Ask First, Dump Second: Stonington's Transfer Station Manager has 31 Years on the Job

From the Town of Stonington Blog

Aug 9th, 2023

Posted by: Linda Nelson, Economic & Community Development Director

ASK FIRST, DUMP SECOND -- That's what Stonington's Transfer Station Manager Tom Brophy, who has developed great amounts of wisdom at his post for 31 years, will tell you is the single most important thing to know when coming to the transfer station.

"Put things where they belong," Brophy says. "And if you have a question, please ask."

Asking is important because getting rid of the 18 tons of waste PER DAY -- adding up to somewhere between 115 and 120 tons per year -- that Stonington residents and visitors create is nowhere near as simple as dumping it all into the compactor.

"Adding the second compactor was the greatest thing the Town has ever done, it has saved a lot," Brophy said when asked about some of the changes he has scene. "I really think they should put in a platform scale next. This is getting very, very expensive."

The costs and impacts of waste management for Stonington only escalated when PERC, the waste-to-energy facility in Orrington with whom the Town was contracted, shut down on May 2 in preparation for a bankruptcy auction. There are still no buyers.

"Everything is now going to the [state-owned] landfill at Juniper Ridge [in Old Town] -- and that closes in two years."

The amount of waste and costs for disposing of it have escalated hugely in Brophy's 31 years.

"It's important to recycle as much as we can. We have the 'Mercury Building' for old TV's and other electronics, and lithium batteries have to be specially handled or they start fires [regular batteries cannot be recycled at all]. We used to get $600 per ton for rigid plastic: today we only get $30 per ton for the same material so we don't take it anymore. Plastic goes into the landfill here and in most places."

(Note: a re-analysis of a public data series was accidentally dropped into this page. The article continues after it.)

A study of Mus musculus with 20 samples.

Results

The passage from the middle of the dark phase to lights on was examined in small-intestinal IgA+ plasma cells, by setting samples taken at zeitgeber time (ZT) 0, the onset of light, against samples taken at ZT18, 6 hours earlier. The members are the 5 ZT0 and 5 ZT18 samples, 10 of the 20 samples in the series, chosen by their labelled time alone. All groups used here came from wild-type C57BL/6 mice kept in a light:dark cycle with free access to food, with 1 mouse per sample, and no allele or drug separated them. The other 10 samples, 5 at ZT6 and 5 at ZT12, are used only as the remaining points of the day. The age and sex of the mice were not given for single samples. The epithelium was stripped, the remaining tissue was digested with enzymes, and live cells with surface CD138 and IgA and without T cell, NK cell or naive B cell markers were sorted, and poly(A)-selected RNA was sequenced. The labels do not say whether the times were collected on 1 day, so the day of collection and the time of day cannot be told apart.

Brophy cautioned that there is no such thing as "single stream" recycling in most of Maine as there is really only one facility with the equipment to do the sorting. Even so, Maine has one of the nation's highest recycling rates. He pointed toward Stonington's recycling area, where residents are asked to put each type of material into a separate bin: cardboard and mixed paper, metals, non-returnable glass for Stonington's glass crusher, and, perhaps most importantly, returnable bottles for the Transfer Station's Bottle Fund.

The Bottle Fund, founded by Brophy, Calvin Cousins, and Dave Duncan in 1996, has taken in $145,615 in its almost 30 years -- the majority of which has been distributed to 53 local students as scholarships. The fund can now award two, $2,000 scholarships annually. It is its own 501c3 to which people can donate cash as well as bottles.

"People still throw their returnables in with the regular glass recycling in spite of the signs," Brophy says. "We try to get them to pay attention to the difference -- because it makes a difference."